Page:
By Chris Emma—
LAKE FOREST, Ill. (670 The Score) – Upon arrival at Halas Hall, Bears cornerback Prince Amukamara thought he had defensive coordinator Vic Fangio figured out.
An NFL veteran of seven seasons, Amukamara has seen all kinds of coaches during his time and had presumptions of Fangio. He was ready for the F-bombs and fire, then was surprised to find something different. Amukamara found a man with a calm, quiet demeanor and a tireless work ethic.
“Vic is extremely detailed,” Amukamra said. “He’s probably one of the most detailed DCs I’ve ever been around. He loves to go situation by situation and never leaves a stone unturned.”
The Bears’ hiring of Fangio in January 2015 was intended to alter the identity of their defense, and he did just that. Fangio had built the 49ers defense into one of the league’s best during his time in San Francisco before being let go along with Jim Harbaugh. Bears officials were thrilled to nab him, hiring one of the most respected coordinators in football to take over a unit that set records for futility in 2014.
Three years later, the Bears are 3-9 in another lost season and 12-32 since John Fox’s regime arrived at Halas Hall. The end of this season will likely bring the firing of Fox and a new coaching staff for the Bears, who have shown little growth in a pivotal year.
In dismissing Fox, the Bears could lose Fangio and a budding defensive identity. He was coveted for coordinator positions last offseason, including one with Kyle Shanahan in San Francisco, but the Bears denied an interview from occurring. Fangio would be cast off to any suitor if Fox is fired.
With the Bears still developing a young unit, the loss of Fangio would be devastating.
“Vic’s a mastermind,” cornerback Marcus Cooper said. “The commitment of time he puts into getting us ready is outstanding. It’s second to none. He just comes in so prepared.”
Slowly but surely, the Bears have given Fangio the pieces with which to be successful. They drafted defensive lineman Eddie Goldman, edge rusher Leonard Floyd and safety Eddie Jackson. They signed linebacker Pernell McPhee, linebacker Danny Trevathan, linebacker Jerrell Freeman and defensive lineman Akiem Hicks before shoring up the secondary with players like Amukamara, Cooper and Quintin Demps.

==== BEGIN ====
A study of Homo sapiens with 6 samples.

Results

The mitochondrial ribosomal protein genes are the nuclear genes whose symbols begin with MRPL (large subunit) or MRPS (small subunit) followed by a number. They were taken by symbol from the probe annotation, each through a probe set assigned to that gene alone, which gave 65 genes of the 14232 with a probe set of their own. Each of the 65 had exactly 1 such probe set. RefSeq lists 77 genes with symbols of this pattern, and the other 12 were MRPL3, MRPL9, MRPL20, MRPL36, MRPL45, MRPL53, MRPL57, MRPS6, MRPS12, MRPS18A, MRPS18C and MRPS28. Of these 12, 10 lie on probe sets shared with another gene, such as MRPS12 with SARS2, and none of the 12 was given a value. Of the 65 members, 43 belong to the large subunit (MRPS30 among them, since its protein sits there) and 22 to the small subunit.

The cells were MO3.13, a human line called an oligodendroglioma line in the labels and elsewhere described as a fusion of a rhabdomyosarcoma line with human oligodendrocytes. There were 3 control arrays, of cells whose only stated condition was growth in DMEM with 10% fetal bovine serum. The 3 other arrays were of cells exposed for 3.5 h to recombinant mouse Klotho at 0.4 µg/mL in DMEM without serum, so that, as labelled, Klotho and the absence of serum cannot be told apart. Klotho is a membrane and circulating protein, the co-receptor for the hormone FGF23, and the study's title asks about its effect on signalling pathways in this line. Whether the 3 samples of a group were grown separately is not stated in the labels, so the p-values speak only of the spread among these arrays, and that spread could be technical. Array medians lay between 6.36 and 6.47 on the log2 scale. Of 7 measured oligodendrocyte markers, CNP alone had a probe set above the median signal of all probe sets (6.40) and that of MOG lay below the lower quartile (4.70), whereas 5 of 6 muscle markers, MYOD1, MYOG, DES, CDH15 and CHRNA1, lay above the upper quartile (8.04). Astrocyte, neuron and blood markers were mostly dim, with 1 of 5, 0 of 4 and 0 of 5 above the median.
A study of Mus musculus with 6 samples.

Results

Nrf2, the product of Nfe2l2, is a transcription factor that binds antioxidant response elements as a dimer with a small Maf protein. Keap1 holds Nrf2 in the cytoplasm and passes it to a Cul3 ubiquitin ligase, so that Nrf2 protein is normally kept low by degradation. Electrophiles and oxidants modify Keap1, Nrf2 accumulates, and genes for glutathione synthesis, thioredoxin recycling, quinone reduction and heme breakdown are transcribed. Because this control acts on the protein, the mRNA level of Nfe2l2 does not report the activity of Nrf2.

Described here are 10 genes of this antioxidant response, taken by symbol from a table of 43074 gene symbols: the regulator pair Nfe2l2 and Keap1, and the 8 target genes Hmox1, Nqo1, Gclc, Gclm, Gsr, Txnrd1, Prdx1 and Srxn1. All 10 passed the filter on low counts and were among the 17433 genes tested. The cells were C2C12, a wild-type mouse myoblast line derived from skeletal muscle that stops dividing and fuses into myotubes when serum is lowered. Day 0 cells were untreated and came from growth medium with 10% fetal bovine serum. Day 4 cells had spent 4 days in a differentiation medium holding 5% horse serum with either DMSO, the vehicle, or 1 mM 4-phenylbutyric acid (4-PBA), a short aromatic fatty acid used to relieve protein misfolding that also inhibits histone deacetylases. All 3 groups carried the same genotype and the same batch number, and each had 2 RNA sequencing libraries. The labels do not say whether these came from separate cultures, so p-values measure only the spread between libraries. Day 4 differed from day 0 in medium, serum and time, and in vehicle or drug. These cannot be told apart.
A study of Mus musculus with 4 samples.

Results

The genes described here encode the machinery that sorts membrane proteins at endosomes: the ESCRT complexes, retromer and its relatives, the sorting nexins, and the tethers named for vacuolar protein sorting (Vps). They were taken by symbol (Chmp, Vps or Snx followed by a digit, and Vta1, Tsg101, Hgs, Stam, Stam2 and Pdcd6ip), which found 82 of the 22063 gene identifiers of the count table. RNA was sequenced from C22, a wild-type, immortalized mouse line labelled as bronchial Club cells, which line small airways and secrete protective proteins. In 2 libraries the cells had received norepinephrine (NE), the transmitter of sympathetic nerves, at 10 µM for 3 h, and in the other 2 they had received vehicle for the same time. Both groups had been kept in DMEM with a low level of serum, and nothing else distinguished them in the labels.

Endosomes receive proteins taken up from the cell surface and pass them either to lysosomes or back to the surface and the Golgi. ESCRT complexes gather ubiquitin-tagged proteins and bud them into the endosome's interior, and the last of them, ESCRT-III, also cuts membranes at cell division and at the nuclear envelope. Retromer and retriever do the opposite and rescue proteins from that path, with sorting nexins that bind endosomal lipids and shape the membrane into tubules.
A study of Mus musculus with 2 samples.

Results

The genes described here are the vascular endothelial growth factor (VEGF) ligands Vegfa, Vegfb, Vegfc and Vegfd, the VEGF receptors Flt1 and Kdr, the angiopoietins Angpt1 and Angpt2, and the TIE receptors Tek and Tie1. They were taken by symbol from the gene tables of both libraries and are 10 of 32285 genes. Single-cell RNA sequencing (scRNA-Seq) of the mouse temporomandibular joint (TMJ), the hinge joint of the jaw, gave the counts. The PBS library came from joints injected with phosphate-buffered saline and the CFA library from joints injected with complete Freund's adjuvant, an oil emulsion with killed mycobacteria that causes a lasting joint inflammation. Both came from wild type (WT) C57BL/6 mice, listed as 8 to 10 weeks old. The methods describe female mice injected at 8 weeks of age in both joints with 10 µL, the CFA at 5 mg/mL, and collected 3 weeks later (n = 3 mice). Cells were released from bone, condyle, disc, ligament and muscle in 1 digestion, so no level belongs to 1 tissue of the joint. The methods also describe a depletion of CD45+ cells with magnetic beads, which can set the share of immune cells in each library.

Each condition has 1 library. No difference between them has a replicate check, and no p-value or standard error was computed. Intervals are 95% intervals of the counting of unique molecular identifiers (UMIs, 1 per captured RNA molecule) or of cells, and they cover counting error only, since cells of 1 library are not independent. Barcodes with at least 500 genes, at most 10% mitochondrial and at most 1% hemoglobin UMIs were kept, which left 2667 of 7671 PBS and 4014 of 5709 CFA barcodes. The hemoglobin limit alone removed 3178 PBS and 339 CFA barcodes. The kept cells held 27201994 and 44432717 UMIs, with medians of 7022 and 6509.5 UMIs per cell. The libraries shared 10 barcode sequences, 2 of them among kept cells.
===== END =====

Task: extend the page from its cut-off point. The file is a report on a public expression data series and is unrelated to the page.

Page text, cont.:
But the Bears’ grand vision for Fangio’s defense has been thwarted by injuries, suspensions and inconsistencies. It has been rare for Fangio to have a full complement of talent for his defense. Last Sunday, the Bears started veteran Chris Prosinski at safety and plugged in Lamarr Houston at outside linebacker after McPhee suffered a shoulder injury. Both Prosinski and Houston were signed late in the week.
Fangio has rarely had a fair deck in his hand. His defense sat just outside the top 10 last season before injuries took their toll. It reached the top 10 this October before more setbacks occurred. Now in Week 14, the Bears rank 14th in both points per game allowed at 22.2 and yards per game allowed at 333.2.
One can only wonder what a healthy defense would have meant to this season – and this regime.
“A carpenter never blames his tools,” Fangio said Thursday. “He just finds a way to get the thing built.”
To his credit, Fangio has kept his focus on building progress. There have never been any complaints and certainly no excuses for the difficulties he has faced. When Freeman was lost for the season, he turned the attention to getting the best of Nick Kwiatkoski and Christian Jones at inside linebacker. When Amukamara suffered a preseason injury, he trusted Kyle Fuller and saw the fourth-year cornerback play his best football.
There have been constant injuries at outside linebacker – the most important position in his 3-4 defense – that have hindered the entire unit. Houston couldn’t generate the rush of a Floyd or McPhee stepping in last Sunday. Sam Acho isn’t a forceful rusher. Willie Young is also on injured reserve. With little pass rush, 49ers quarterback Jimmy Garoppolo picked apart the Bears on third down, moving the chains 10 times on 18 attempts.
All Fangio can do is trust the next man up and call his plays. The effort he puts forth has earned him the respect of his players. Young players like Kwiatkoski marvel at how they’re constantly put in the right places. Veterans like Amukamara and Cooper realize the difference Fangio brings compared to others in his position.
“Tops off to him,” Cooper said. “I can’t say how he’s done it, because I don’t know if I would be able to handle that situation. He’s second to none when it comes to stuff. The way he prepares, it’s a testament to who he is and his coaching style and philosophy.”
Growth has been revealed over time, though it has been a difficult task. Fangio is doing his best with a unit lacking. General manager Ryan Pace and his front office are expected to stay in their positions after this disappointing season ends, meaning they will have a fourth offseason ahead to keep adding to the defense.
Assuming change is coming, whoever the Bears tab as their next head coach would be wise to make retaining Fangio a priority. He’s comfortable in Chicago and has certainly earned a place with a new coaching staff.
The Bears and a defense with potential would lose a lot without Fangio.